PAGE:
Cut costs without damaging morale & customer service
Canadians had expected their nation's economy to pick up in 2013, but that did not happen.
According to TD Bank, it is estimated that the Canadian economy will grow at a rate of 2.3 percent this year, which will be just 0.6 percent faster than last year, and it will only return to a healthy state in the middle or end of 2015.
In order to survive the tough times, many Canadian businesses have implemented a variety of cost-reduction strategies to remain profitable or reduce losses.
Some of these strategies have resulted in the compromise of employee morale and customer service, which in turn led to lower productivity and customer satisfaction.
There are a number of companies, however, that managed to cut their budgets with minimal negative impact on the efficiency and profitability of their businesses.
This cost-reduction strategy also facilitates the international expansion that it is planning to undertake, and it involves the acquisition of 787 Dreamliner and high-density 777 airplanes.
The company expects to save about 30 percent on operating and maintenance costs with the deployment of the 787 Dreamliners, and about 21 percent on unit costs by replacing its current 777 planes with the new high density 777s. It is aiming to lower its overall cost by about 15 percent this year.
Air Canada is a good example of a company that has found a way to expand its operations and cut costs at the same time.
IAMGOLD Corporation is another Canadian company that is getting impressive results from its cost-reduction program.
In March, 2013, the company announced that it was planning to reduce its total cost by $100 million by the end of the year. As of June last year, it managed to achieve about 55 percent of its planned reductions. Although reducing staff requirements was one of its cost-cutting strategies, it relied on many other activities to stay on track to meet its year-end goal.
Some of these activities include lowering power and maintenance costs, reducing the use of consumables, renegotiating mining supply contracts and improving the efficiency of its operations.
Suncor is the largest energy company in Canada in terms of market value, and it is turning to technology to reduce costs.
The company is the first oil-sands mining operator to conduct tests on computer-operated haul trucks. According to experts, these robot trucks can increase productivity and lower fuel and maintenance costs by about 15 percent, and they also eliminate the need for human drivers.
Suncor said that it may replace some of its existing haul trucks with robot trucks over the next five years.
There are many things that Canadian companies can do to lower costs without losing their competitive edge.
They should consider all possible options and devise budget strategies that can make their businesses more profitable both in the short and long run.
About the author
John McMalcolm is a freelance writer who writes on a wide range of subjects, from social media marketing to personal budget planning.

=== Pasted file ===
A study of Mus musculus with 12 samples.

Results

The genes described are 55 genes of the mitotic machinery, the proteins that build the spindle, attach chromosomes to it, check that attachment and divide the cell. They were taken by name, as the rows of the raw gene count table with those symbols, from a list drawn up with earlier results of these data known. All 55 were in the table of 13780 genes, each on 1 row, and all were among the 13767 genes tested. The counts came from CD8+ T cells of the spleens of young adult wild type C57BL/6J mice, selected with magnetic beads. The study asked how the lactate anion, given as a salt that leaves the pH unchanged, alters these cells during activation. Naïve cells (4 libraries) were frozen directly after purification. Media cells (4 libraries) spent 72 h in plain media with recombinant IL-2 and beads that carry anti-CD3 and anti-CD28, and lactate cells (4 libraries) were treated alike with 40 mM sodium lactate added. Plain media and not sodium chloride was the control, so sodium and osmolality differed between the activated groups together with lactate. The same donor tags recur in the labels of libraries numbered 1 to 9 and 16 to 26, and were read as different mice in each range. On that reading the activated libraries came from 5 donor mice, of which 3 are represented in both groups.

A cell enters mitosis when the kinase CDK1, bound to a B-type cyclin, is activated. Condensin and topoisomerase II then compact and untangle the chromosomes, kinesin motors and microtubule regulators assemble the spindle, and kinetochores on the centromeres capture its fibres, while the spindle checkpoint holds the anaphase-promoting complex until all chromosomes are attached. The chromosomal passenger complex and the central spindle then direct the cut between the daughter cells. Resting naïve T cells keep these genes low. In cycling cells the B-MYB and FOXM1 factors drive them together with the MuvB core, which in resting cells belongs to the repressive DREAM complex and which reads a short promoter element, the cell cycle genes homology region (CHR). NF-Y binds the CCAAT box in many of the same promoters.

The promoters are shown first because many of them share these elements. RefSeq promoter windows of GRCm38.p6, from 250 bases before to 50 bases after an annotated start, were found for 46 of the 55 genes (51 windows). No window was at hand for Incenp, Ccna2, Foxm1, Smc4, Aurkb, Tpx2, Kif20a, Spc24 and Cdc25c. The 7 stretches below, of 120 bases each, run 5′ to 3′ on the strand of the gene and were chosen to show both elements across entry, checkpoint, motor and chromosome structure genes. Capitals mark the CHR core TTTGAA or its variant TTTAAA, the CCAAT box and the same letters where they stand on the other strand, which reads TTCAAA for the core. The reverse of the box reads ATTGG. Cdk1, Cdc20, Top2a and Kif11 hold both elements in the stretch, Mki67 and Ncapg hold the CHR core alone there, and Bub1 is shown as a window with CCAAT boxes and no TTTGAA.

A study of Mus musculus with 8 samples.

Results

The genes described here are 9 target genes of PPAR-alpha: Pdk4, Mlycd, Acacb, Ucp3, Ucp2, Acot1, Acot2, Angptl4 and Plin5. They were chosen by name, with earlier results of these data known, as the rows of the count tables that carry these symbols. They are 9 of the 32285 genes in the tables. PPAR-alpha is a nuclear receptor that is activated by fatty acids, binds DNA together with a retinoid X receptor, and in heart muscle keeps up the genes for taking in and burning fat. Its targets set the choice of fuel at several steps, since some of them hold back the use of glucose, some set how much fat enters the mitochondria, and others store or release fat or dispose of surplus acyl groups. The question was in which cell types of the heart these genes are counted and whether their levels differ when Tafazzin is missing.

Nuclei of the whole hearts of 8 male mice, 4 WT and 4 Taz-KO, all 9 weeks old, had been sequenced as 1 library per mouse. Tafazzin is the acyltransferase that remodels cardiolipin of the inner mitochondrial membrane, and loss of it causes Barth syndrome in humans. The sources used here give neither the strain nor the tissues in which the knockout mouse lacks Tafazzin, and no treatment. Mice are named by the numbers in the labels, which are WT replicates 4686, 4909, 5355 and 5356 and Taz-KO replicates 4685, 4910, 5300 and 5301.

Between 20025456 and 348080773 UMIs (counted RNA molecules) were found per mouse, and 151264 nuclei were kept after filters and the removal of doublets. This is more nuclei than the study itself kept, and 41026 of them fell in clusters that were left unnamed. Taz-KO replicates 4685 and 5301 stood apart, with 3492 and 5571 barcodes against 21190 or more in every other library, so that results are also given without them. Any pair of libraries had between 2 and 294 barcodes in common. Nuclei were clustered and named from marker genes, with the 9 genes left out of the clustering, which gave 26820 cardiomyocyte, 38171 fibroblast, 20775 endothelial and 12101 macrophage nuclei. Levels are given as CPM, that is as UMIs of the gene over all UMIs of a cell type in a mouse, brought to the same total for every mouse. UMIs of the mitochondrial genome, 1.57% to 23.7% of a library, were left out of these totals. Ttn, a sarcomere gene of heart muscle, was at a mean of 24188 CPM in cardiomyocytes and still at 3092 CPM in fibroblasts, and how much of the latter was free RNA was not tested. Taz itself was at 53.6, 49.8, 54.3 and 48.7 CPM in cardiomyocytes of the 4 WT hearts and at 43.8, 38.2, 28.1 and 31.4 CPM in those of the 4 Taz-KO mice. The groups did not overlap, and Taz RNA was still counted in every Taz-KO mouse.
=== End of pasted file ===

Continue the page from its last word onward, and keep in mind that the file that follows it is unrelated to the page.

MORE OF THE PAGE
CB Insights: US Insurtechs Compete In A Now Global Market
In the first half of the year, insurtech companies around the world have raised US$7.4bn, nearly doubling their funding in Q2. According to Digital Insurance, insurtechs have raised US$4.8bn in Q2—an 89% increase in funding from Q1. But US firms are no longer the sole beneficiaries.
What Are the Stats?
Out of the 15 Q2 mega-rounds—those that top US$100mn—only eight included American firms. Pretty good, you might say. That’s over half! But US companies only made up 38% of the deals, which marks a 10% drop from Q1 and a 12% drop from 2020. Technically, therefore, US insurtechs are less influential than they’ve been in the past. But who says this is a bad development?
Despite my American citizenship, I’d argue that a more globally diverse insurance market is only for the best. Many of the world’s citizens who could most benefit from improved insurance services live outside of the States—and deserve local, tech-savvy services.
Why Does This Matter?
You’re always going to see the typical insurtech contenders from Western countries. For instance:
- German-based wefox: US$650mn Series C
- UK-based Bought By Many: US$350mn Series D
- US-based Collective Health: US$280mn Series F
But it’s critical that we address risk across the world. American insurtechs might be some of the most technologically skilled firms in the industry, but it’s not their first goal to address floods in Southeast Asia, crop destruction in China, and COVID complications in South Africa. That’s why we should celebrate that the recent Q2 round included insurtechs from 35 different countries.
According to CB Insights’ Q2 2021 Quarterly InsurTech Briefing, this was the first time that they’d observed insurtech activity in Botswana, Mali, Romania, Saudi Arabia, and Turkey. And ‘from a product, service, distribution, and underlying risk perspective, we—as a society and as an industry—are moving at an unprecedented speed’, says Dr. Andrew Johnston, Global Head of Willis Re InsurTech.
Just ask CB Insights. InsurTech value propositions have resonated with the world.